Coastal and Marine Geology Program
Woods Hole Science Center

Skip titleU.S. Geological Survey Open-File Report 2005-1018
Surficial Geologic Interpretation and Sidescan Sonar Imagery of the Sea Floor in West-Central Long Island Sound



Geologic Setting

Bathymetry Discussion

Data Acquisition and Processing

Sidescan Imagery

GIS Data Catalog


Figures List






Clam trawler BIVALVE at sea in Long Island Sound.

Clam trawler BIVALVE at sea in Long Island Sound.

The Long Island Sound estuary, which is 182 km long and up to 32 km wide, is located south of Connecticut and north of Long Island, New York. It is bordered to the east by Block Island Sound and to the west by the East River. The sea floor covered by NOAA survey H11044 lies to the south of the Milford and Woodmont quadrangles of the Western Highlands in Connecticut (Flint, 1965; Flint, 1968). The bedrock beneath the study area is presumably similar to that lying to the north in the Milford quadrangle, which consists of Early and Middle Paleozoic schists, metavolcanic and metasedimentary rocks (Flint, 1968). Within parts of the study area, these rocks are also presumably overlain by a seaward extension of the Hartford Basin, which contains red arkosic sandstones and intrusive igneous rocks of Triassic and Jurassic age (Flint, 1965; Flint, 1968; Rodgers, 1985), and erosional remnants of coastal plain strata of Cretaceous age (Lewis and Needell 1987; Needell and others, 1987).

Map showing location of NOAA survey H11044

Map showing location of NOAA survey H11044.

Onshore, the bedrock is overlain by glacial drift of late-Wisconsinan age (Flint, 1965; Flint, 1968). By 19 ka, the Wisconsinan glacier had formed the Ronkonkoma terminal moraine and was about to begin its northerly retreat from the Harbor Hill-Roanoke Point-Charlestown moraine (Lewis and DiGiacomo-Cohen, 2000). Further ice sheet retreat allowed melt water to dam north of the Harbor Hill-Roanoke Point-Charlestown moraine, forming glacial Lake Connecticut. Varved lacustrine sediments were deposited throughout much of LIS, and deltas started to form along the northern coast once the glacier receded from the lake. At this time, erosion of the spillway located at the eastern end of the Sound had started and lake levels began dropping until the lake was completely drained by 15.5 ka (Lewis and DiGiacomo-Cohen, 2000). The glaciolacustrine deposits of glacial Lake Connecticut and the underlying glacial drift are truncated by a regional unconformity that is a composite product of the subaerial exposure, which occurred after the lake drained, and the subsequent marine transgression (Lewis and Stone, 1991). Marine deposits, found in quiet-water areas throughout the LIS basin, overlie the unconformity and earlier deposits, and record deposition during the postglacial Holocene eustatic sea level rise.

Our interpretations of H11044 expand on two regional, but less detailed, studies conducted by Poppe and others (2000a) and Knebel and Poppe (2000). Poppe and others, (2000a) mapped the surficial sediments throughout LIS using bottom samples, photography and sidescan-sonar imagery. Adding bathymetric, geologic, and bottom current data, Knebel and Poppe (2000) mapped four categories of sedimentary environments: erosion or nondeposition, coarse-grained bedload transport, sediment sorting and reworking, and fine-grained deposition. We also draw upon the work of Signell and others (2000), who made model simulations of tide-, density-, wave-, and wind-driven bottom currents in LIS and related them to the Sound’s sedimentary environments.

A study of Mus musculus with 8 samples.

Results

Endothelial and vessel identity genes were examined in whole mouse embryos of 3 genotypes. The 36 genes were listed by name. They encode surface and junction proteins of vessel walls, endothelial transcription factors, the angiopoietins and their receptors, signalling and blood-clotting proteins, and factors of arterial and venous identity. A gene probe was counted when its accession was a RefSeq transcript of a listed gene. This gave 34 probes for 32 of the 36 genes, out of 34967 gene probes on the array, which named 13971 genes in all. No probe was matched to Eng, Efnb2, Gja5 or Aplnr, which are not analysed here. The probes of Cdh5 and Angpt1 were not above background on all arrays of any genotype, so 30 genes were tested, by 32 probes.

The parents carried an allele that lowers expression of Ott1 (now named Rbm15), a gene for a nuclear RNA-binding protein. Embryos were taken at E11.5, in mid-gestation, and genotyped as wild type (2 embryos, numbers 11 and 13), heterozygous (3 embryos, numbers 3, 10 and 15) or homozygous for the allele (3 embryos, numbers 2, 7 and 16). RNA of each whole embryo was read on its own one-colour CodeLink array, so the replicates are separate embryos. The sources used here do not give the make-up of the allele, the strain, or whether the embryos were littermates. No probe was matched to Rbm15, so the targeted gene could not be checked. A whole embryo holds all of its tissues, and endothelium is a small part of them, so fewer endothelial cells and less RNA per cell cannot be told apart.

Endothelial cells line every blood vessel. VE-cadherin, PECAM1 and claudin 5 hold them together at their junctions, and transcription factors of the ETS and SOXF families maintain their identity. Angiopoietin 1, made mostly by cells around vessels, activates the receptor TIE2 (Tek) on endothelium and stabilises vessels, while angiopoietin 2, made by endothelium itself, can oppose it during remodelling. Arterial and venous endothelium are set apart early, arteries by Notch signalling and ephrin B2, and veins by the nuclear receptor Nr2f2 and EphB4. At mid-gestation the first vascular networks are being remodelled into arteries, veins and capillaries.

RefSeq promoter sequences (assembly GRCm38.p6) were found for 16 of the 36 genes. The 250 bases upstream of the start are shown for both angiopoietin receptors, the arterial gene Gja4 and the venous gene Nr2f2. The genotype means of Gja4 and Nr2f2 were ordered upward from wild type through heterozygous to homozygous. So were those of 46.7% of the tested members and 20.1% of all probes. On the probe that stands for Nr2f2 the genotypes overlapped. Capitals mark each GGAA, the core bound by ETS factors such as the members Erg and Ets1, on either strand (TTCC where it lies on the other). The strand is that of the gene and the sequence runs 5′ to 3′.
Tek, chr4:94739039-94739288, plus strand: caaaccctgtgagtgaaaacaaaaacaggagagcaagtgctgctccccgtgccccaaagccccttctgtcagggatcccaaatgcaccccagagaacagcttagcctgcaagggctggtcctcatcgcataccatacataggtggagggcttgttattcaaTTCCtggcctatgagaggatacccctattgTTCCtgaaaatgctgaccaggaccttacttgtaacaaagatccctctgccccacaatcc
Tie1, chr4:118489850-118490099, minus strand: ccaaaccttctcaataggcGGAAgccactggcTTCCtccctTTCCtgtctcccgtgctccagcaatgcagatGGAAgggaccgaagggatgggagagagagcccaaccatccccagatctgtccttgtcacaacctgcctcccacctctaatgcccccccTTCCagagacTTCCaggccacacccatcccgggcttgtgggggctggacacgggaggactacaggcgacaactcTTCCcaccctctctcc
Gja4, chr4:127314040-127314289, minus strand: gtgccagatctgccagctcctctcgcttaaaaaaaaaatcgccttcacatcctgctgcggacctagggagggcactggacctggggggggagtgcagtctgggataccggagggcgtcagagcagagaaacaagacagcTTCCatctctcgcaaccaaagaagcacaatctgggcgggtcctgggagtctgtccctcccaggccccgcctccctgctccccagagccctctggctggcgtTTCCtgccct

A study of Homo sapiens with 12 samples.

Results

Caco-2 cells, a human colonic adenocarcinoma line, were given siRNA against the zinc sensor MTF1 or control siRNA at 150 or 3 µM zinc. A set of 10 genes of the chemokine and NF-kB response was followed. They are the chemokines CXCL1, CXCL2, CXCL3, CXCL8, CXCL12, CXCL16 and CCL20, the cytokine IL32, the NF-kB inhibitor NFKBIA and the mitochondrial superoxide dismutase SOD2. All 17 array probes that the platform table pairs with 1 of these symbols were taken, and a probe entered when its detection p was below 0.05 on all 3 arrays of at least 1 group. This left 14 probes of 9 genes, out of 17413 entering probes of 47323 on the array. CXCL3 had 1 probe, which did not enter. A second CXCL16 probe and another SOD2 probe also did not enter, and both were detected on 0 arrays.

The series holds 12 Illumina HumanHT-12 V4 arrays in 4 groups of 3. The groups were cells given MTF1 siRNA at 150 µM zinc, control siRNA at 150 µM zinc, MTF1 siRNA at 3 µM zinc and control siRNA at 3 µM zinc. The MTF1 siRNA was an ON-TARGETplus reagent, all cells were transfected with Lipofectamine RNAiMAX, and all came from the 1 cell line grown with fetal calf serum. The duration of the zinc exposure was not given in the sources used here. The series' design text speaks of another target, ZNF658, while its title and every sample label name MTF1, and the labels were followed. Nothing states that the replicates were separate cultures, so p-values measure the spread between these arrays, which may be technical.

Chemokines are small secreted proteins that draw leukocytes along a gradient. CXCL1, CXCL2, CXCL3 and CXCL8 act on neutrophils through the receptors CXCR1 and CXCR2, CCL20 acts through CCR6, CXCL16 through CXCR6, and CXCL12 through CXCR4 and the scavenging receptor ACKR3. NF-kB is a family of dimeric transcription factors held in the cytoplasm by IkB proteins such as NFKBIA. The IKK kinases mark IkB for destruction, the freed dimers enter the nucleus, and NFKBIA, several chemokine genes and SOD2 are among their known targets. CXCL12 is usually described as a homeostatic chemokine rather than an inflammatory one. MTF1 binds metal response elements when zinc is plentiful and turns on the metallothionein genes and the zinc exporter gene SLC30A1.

Modern bathymetry within the survey H11044 area is influenced by the geological framework and modern current regime. Most of the study area sea floor slopes gently to the southeast or south; however, more complex bathymetry consisting of shoals, lesser bathymetric highs, and troughs are present in the western, southern, and northeastern parts of the study area. Water depths in the study area range from 3 m near the Connecticut coastline to over 50 m in troughs.

Lobster boat in Long Island Sound.

Lobster boat in Long Island Sound.

Two shoal complexes, Stratford Shoal Middle Ground and a less-pronounced unnamed shoal south of Lordship, Connecticut, make up the west-central and northwestern parts of the study area, respectively. Stratford Shoal rises over 20 m from the surrounding sea floor. The shoal off Lordship and northern parts of Stratford Shoal are composed of glaciolacustrine deltaic sediments, while southern parts of Stratford Shoal are probably composed of coastal-plain deposits (Lewis and DiGiacomo-Cohen, 2000). The shoals are separated by an east-west trending axial trough, which is the deepest feature in the study area, with water depths reaching 52 m. The northeastern corner of the mosaic contains a northwest-southeast trending elongate bathymetric high, which is about 2-6 m in height, 1.5 km wide, and extends for a length of 11 km within the study area. This bathymetric ridge is composed of ice-proximal glaciolacustrine fan deposits (Lewis and Stone, 1991). The southeastern corner of the study area contains two isolated bathymetric highs, probably cored by coastal plain deposits (Lewis and DiGiacomo-Cohen, 2000), rising about 5 m above the surrounding sea floor. An east-west trending trough reaching depths of 45 m cuts between the two highs. The south-central section of the study area contains a small, elongate basin with an east-west trend and a slightly steeper gradient.